Year 2011, as of now does not seem to bring any positive development for the foreclosure market. By the fall of 2010, the housing market has been infected with several issues, which may carry forward in 2011. The documentation issue and seizures across the country has caused delays in processing delinquent houses within a stipulated time. In addition, numerous court judges and attorneys have predicted that the judicial investigations may take at least two to three months to complete the colossal number of pending cases. To add to this burden, new cases are piled up every day.

According to a report, the combined number of pending and new foreclosure cases would mount up to 1.2 million in 2011, an increase from 900,000 properties that were repossessed by the bank in 2010. A survey was conducted on what an average American thinks about the recovery of the housing market. At least 58 percent of Americans think it will recover by 2012 and 22 percent think it will bounce back only by 2015.

Other problems that could deter the foreclosure market to recover in 2011 are interest rates on adjustable rate mortgages that are expected to rise in the coming year and could probably pinch slightly on the homeowners pockets as they may have to shell out a bit more. Additionally, there is unwillingness in buyers to purchase foreclosure properties due to uncertainty related to new process and strict underwriting mortgage regulations, potential loss of future value of delinquent property, and hidden costs involved in buying these properties. Factors like unemployment are also expected to deteriorate the condition of Real Estate market in 2011.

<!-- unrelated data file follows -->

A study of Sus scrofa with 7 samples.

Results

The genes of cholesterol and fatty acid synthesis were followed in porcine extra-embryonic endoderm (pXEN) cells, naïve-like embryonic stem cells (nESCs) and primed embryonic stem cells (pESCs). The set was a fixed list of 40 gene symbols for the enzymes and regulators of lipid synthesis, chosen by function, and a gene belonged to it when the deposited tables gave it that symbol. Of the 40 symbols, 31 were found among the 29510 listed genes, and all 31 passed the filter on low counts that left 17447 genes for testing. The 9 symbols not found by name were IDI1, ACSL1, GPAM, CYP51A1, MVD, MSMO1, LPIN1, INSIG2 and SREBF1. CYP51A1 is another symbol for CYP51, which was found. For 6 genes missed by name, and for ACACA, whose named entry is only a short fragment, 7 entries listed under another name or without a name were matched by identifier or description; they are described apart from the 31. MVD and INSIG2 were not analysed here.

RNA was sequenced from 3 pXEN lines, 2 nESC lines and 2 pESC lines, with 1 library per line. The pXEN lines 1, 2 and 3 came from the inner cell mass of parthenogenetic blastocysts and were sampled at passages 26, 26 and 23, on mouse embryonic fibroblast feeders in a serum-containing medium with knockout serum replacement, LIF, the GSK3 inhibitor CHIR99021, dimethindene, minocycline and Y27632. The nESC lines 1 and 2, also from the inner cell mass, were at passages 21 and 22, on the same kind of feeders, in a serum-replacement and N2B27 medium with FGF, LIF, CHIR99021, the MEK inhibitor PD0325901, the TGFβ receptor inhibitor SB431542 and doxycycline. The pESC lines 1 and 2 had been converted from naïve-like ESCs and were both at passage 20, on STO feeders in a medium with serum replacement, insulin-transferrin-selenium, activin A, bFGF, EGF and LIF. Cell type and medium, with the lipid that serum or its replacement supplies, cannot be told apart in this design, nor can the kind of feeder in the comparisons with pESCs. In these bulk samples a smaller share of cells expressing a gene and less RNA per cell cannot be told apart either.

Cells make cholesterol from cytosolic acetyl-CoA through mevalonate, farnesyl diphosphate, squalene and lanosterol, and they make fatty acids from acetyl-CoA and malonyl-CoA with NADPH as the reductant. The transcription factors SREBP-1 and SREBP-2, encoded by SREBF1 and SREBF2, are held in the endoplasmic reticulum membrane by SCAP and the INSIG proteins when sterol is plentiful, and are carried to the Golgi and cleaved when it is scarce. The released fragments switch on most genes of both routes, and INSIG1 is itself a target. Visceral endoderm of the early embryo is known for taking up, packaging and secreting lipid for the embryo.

According to a chief executive of a loss mitigation provider, the foreclosure market in 2011 looks grim, programs like HAMP and other modification program are not yielding the desired result and they may not help eradicate the problem from the root. Only flourishing economy and improved employment will help keep the homeowners in their houses.

Conversely, a survey showed that at least 49 percent of Americans across the country are likely to purchase houses that were closed on due to delinquency. Even number of homeowners defaulting on monthly payments has reduced; it is just the overwhelming number of foreclosure backlogs that is required to be cleared quickly to get the market on track.
Original Post: on, your source of foreclosure listing.